Co-founder Clara Vaisse said the startup had refined a preservation process – the precise details are secret – that makes its organic birch water more stable, and extends its natural shelf life of 4-5 days.
Sibberi has pencilled in a December 2014 launch date for the drink online, and says it will hit UK store shelves early next year.
“That’s the challenge with birch water,” she said. “It’s really hard to preserve it for longer than 4-5 days. We’ve looked at many different techniques, but this is our secret at the moment.”
“It’s 100% natural. Basically you have a water that is processed by nature. You don’t need to process it in a factory. The tree filters it, adds vitamins, nutrients, minerals to it, and a few magic other things.” (Clara Vaisse, co-founder, Sibberi)
“Existing brands in Northern and Eastern Europe add significant amounts of sugar to preserve the product, about a teaspoon per bottle,” Vaisse added.
“We think that defeats the purpose of being healthy and detoxifying, and worked hard to find a way to preserve it without adding any sugar. That’s what makes our birch water unique.”
As for the appeal of birch water generally, Vaisse said: “It’s 100% natural. Basically you have a water that is processed by nature. You don’t need to process it in a factory. The tree filters it, adds vitamins, nutrients, minerals to it, and a few magic other things.”
As a naturally healthy drink, Vaisse said she sees Sibberi’s birch water positioned right between coconut water and detox juice, as “an everyday drink to keep healthy and to help eliminate toxins”.
“It’s a drink that you can really drink guilt-free – it’s extremely low calorie, and the sugar in it is predominately fructose (not glucose), and xylitol,” she said.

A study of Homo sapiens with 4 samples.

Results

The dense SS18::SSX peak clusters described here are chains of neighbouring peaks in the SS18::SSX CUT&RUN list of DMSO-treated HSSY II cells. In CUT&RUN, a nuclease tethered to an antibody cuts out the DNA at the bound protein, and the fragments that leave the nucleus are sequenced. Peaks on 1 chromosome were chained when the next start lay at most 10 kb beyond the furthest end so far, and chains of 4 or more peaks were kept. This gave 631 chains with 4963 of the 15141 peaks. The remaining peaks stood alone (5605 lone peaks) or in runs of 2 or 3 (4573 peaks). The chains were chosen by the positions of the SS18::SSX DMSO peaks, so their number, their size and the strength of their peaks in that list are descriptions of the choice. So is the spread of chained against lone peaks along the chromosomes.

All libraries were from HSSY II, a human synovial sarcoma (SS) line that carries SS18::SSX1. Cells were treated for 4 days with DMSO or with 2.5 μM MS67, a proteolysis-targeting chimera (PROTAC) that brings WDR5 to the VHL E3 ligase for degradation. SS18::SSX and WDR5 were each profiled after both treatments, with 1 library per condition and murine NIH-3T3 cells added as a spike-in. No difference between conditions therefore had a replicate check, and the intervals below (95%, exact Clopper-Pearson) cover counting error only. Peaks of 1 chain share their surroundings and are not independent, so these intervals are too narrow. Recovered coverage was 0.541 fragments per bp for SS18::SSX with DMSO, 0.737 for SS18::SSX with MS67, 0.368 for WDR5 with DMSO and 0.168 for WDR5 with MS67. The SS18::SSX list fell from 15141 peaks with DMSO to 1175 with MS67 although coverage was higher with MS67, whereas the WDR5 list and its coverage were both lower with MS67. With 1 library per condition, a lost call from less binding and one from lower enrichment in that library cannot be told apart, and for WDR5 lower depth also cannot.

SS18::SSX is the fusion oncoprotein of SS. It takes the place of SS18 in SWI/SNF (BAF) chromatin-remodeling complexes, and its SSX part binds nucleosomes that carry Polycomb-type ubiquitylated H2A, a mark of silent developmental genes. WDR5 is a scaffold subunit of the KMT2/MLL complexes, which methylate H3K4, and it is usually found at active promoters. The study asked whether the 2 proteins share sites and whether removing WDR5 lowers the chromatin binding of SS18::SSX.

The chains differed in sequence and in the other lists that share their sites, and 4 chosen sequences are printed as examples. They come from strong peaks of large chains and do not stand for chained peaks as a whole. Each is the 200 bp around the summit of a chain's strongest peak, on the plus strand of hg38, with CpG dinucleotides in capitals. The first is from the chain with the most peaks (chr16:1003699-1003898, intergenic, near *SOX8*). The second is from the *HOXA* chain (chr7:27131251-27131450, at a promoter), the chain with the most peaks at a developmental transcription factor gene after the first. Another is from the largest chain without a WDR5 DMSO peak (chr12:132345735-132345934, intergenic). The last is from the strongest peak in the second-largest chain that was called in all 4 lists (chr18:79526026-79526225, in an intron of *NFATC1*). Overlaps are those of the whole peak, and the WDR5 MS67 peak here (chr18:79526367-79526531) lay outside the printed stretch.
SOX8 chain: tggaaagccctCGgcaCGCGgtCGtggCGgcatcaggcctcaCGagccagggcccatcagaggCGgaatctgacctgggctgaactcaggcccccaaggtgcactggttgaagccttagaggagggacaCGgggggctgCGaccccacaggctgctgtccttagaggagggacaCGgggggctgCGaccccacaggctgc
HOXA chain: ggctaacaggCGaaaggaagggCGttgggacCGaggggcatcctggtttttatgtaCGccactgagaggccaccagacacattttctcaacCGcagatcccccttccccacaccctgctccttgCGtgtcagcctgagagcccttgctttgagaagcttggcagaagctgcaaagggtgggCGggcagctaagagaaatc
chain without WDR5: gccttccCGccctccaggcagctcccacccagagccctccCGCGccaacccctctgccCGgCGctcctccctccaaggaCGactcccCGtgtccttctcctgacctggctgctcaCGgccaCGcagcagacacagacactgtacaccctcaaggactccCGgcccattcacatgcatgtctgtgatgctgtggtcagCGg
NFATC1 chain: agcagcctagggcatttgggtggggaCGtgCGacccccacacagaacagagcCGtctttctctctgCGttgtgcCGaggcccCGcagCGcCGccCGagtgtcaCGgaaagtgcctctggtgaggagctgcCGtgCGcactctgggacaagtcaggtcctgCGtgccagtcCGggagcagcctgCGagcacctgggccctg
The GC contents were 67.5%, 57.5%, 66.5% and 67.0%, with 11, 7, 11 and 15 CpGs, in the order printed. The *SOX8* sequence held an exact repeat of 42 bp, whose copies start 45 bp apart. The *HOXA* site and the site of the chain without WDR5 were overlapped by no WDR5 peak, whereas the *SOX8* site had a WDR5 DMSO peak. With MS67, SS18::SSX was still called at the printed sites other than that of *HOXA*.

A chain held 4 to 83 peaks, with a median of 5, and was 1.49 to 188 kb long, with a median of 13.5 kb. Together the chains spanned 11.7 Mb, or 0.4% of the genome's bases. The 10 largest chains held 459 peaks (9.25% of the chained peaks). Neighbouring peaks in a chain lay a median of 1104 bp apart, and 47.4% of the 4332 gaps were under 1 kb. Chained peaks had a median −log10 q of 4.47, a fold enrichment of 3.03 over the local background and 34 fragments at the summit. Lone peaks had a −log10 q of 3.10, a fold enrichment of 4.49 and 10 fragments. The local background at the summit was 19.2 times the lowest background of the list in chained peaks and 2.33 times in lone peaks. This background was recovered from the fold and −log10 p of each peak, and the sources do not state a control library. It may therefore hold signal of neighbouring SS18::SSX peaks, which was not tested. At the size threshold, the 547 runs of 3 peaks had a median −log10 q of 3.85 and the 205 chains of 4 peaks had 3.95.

The birch tree: a natural beverage factory
Sibberi’s organic birch water is tapped from trees in Eastern Europe (as per the photo below, taken in Latvia), and Vaisse explained that when the snow melts away in the spring, the birch tree sap starts to flow.
You tap the tree, and after placing a bag underneath can collect 5-10 liters of birch sap each day; but this period only lasts for 2-3 weeks every year – after that the tree sap thickens again and cannot be drawn.
Asked who she thinks birch water will appeal to, Vaisse admits that the drink sounds alien to the average woman or man on the street, but believes it has premium, niche appeal.
“We get a bit of a mixed reaction. Some say ‘It seems crazy to drink water tapped from the trunk of a tree.' Other people have heard of birch juice (derived from the leaves, which you find in pharmacies), so are welcoming the sap version,” she said.
'The market is ready for something new' - Sibberi
“But everyone is really excited about the product – they think the market is ready and everyone is waiting for something new, after coconut water,” Vaisse added.
“We will start pretty premium. But other brands have started premium, and we hope the product can spread throughout the UK,” she said.
“It’s such an elegant way to hydrate, and it’s so good for you – it would be our hope and dream to see birch water at every corner shop and niche supermarket, but it will remain rather premium.”
Google ‘birch water’ and you’ll find an army of fans eulogizing the drink as a cure all – good at treating everything from liver disease to dandruff, constipation to cellulite.
But Vaisse insists that Sibberi’s focus is on creating natural, healthy and tasty products with ingredients that speak for themselves.
“We don’t want to make any claims. The claims lie in the product. So, for instance, there is xylitol – a sugar that’s known to help with tooth decay,” she said.